The recent shootings at NIU, in which six people died, is more than just a mere tragedy.
My condolences and prayers go to the victims' families and to the NIU community. I almost went to college there and know several graduates, so this is much too close to home.
Once again we wring our hands after yet another mad gunman walks in and shoots strangers in school for some unknown reason. Are guns too plentiful in our society? Sure. You can still buy them at gun shows and through any number of outlets. They are not hard to get -- even if you're mentally ill.
Then the usual bromides get trotted out. Video games are too violent. Movies are too violent. You can even play nasty little shoot-em-ups on your cellphone. Canada doesn't have this kind of gun violence. Neither does Japan nor England. Is it our culture? Although these crimes are still relatively rare in our population, they happen far too frequently. This is not domestic violence. It's deranged people killing at random people they don't know. We don't even have a word for this kind of violence. It goes so far beyond the bounds of rationality, most just fall back on calling it "evil." The Russians have a name for it: "soul sickness."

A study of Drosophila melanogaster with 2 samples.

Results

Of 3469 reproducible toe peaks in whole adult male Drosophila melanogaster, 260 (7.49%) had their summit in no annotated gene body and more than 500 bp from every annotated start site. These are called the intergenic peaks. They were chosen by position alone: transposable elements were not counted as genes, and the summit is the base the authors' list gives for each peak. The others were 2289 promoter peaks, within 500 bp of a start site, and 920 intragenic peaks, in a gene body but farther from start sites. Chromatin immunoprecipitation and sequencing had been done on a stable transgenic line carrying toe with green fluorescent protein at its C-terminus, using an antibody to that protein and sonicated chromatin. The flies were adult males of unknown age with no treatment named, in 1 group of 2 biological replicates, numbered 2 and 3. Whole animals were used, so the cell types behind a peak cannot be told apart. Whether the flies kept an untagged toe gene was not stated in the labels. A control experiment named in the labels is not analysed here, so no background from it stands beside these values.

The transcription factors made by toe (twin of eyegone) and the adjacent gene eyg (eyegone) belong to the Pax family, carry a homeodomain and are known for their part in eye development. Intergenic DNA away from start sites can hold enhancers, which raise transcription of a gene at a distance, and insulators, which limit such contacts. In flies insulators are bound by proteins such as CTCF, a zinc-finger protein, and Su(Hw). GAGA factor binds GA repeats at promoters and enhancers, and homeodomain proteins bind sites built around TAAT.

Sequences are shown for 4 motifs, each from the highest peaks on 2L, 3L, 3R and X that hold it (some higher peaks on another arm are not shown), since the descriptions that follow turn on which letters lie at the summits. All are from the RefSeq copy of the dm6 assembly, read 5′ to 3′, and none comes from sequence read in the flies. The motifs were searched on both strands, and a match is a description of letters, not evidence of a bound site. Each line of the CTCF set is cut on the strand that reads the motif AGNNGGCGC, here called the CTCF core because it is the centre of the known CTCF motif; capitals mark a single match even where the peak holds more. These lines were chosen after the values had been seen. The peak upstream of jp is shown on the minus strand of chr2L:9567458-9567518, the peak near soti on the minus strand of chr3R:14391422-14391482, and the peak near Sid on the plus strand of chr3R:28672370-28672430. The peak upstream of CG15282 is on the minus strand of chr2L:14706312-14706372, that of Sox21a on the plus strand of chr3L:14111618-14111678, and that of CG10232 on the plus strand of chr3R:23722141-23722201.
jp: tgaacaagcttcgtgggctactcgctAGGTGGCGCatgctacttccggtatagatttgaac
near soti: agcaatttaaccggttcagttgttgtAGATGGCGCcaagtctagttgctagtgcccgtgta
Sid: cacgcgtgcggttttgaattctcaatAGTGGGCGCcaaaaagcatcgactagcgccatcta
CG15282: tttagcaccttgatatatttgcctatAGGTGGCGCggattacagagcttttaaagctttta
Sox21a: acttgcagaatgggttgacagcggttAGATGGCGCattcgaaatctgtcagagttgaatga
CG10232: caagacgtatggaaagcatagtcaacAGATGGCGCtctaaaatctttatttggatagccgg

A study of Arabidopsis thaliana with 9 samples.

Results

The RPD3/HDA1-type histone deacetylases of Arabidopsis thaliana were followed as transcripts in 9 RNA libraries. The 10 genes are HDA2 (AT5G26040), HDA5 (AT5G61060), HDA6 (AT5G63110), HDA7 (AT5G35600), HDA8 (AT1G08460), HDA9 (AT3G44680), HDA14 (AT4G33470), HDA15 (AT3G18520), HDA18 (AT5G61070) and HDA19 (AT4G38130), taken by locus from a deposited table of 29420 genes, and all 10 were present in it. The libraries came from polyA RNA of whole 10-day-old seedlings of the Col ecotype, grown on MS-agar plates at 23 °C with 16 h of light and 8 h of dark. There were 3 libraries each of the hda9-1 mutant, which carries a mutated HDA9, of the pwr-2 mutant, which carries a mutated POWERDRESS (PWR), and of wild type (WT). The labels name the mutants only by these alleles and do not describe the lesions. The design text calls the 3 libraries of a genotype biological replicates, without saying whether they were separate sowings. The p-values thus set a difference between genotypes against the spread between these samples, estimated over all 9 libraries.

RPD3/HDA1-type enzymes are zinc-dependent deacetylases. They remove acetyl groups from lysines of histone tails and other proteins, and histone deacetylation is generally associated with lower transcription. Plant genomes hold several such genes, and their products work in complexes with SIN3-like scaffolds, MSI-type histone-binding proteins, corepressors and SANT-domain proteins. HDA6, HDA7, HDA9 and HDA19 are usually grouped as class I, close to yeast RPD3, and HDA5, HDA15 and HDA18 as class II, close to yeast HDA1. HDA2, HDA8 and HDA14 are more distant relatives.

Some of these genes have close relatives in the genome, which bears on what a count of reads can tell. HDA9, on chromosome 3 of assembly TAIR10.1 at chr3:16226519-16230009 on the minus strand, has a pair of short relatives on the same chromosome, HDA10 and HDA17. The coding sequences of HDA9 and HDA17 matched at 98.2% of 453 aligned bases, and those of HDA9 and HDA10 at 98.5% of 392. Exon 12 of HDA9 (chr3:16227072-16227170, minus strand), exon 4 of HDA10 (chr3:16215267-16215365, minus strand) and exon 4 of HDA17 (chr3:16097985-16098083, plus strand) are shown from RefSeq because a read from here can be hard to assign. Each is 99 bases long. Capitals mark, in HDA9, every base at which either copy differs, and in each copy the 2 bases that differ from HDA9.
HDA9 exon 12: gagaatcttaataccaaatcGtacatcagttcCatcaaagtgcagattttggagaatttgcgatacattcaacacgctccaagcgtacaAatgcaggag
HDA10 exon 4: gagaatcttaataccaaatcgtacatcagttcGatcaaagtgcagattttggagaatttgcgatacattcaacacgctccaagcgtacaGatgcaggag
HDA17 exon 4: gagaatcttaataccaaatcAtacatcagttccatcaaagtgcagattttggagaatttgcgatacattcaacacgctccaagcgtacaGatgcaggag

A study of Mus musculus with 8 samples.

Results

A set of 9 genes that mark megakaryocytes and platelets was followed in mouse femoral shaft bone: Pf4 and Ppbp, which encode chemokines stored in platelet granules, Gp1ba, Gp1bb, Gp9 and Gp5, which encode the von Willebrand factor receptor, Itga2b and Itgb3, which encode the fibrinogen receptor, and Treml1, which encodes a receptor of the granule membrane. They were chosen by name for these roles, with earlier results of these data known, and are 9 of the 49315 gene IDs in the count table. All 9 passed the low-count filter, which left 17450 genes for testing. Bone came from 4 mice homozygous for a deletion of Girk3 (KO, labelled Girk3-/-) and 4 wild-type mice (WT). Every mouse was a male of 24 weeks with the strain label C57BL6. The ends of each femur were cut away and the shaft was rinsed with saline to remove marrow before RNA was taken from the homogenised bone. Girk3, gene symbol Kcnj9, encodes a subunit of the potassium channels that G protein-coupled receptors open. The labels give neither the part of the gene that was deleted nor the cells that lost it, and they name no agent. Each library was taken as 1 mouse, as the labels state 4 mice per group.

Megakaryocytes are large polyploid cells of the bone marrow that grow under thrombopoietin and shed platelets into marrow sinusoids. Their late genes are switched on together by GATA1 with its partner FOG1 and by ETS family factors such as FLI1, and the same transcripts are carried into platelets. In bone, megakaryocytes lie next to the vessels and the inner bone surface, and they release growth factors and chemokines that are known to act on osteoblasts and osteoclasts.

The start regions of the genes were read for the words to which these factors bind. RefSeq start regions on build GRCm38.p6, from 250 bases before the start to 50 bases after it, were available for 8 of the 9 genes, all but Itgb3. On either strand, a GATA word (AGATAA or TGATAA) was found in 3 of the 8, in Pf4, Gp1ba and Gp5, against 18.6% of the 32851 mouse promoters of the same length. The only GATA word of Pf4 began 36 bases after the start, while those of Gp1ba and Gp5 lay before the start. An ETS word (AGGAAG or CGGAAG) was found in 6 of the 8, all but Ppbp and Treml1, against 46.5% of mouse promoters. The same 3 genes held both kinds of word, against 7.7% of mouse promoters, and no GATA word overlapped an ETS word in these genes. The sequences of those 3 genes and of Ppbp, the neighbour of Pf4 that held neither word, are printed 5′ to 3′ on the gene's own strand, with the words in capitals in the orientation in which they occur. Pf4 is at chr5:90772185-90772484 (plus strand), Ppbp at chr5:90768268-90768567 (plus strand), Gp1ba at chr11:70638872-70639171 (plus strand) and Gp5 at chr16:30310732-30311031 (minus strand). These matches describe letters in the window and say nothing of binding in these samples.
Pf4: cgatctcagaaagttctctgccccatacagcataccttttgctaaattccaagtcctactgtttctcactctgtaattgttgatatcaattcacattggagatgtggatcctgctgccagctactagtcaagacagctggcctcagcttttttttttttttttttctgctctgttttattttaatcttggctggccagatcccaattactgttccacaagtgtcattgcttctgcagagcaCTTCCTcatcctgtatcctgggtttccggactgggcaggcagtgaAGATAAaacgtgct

The bitter irony is that our top researchers are able to plot out "pleasure centers" through neuroimaging of the brain, create and prolong virility and even erase those unwanted wrinkles that start to appear after 30. We're even tinkering with creating synthetic life by reassembling DNA strands.
What's the point of all of this unless we can identify, understand and treat the homocidal impulse? Is there a trigger in the brain that allows us to murder without some form of conscience guiding us? How do we turn this switch off? How do we find the people who are most prone to do this?
Question for our theologians: At what point do we lose our soul and start taking other lives indiscriminately? For our politicians: Have we created a culture of war through the various military actions we've taken in recent years that these madmen feel justified in some way? And how about the social ecology angle: Is this violence inspired by the mass destruction of our planet? More questions than answers, of course, and it's little consolation to the families whose lives have been wrecked by these maniacs.
I know these questions are difficult. Yet they tear at the fabric of our society. The more technology advances, the more our souls remain thorough mysteries. We should stop torturing ourselves with these queries and dedicate research to finding the answers. Our collective soul depends upon it.